They came with their entire lives in a folder.
That's how Jesús Guzmán, one of the founders of the DREAM Alliance of Sonoma County, describes the 160-plus undocumented youth who came to the Deferred Action Application Fair on Aug. 18, 2012.
"They had documents from anywhere they could get them, with a name and a date to show where they'd been before age 16," he recalls.
The fair in the Roseland Elementary School gym was part of a national effort to turn these stacks of papers into social security numbers for those called "DREAMers," children of undocumented immigrants under age 31 who came to the United States before age 16. Known as Deferred Action for Childhood Arrivals (DACA), the Obama administration's initiative was signed into law last June, offering two-year, renewable citizenship to DREAMers who have lived continuously in the United States for at least five years.
On that Saturday in August, the room was full of volunteers and lawyers behind folding tables, with handmade signs directing applicants through the complex process. The application for Deferred Action costs $465 and asks second-generation immigrants to provide a paper trail for years during which many of their families lived and worked under the radar.
Still, Guzmán says the atmosphere in that elementary school gym was both powerful and full of hope.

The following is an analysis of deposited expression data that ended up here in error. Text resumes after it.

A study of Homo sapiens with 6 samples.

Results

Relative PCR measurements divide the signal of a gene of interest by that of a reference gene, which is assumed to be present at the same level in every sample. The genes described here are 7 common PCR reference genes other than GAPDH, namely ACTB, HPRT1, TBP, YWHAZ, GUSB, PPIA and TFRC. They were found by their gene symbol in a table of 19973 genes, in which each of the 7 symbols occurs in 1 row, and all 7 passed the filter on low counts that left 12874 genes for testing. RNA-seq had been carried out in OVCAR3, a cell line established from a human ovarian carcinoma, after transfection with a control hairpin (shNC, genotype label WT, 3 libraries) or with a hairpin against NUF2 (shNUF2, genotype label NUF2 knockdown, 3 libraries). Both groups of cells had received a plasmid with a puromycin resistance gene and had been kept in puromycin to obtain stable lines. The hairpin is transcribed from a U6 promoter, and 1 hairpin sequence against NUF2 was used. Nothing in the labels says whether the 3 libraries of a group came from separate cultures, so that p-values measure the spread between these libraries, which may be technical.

"It was the first time we recognized that everyone in the room was undocumented, everyone was an ally," he says, adding that although some of the attendees had been brought together before—to look into college resources for immigrant youth, for example—the fair was an explicit acknowledgment of citizenship status. "It took a lot of courage for folks to come out and be in the same room," he says. "We're taught in our own families not to say we're undocumented, because it's dangerous. It makes us vulnerable to deportation."
This has been especially true under the very administration responsible for DACA. In its four years in office, the Obama administration has deported 2 million undocumented immigrants, the same number deported by the Bush administration over the course of eight years. And while Immigration and Customs Enforcement (ICE) may focus on people who have broken criminal laws—according to its website—local numbers tell a different story. According to the Press Democrat, in 2011, for example, only half of the 921 inmates released to immigration officials over the course of a year had been convicted of the crime for which they were incarcerated, or had any criminal record at all.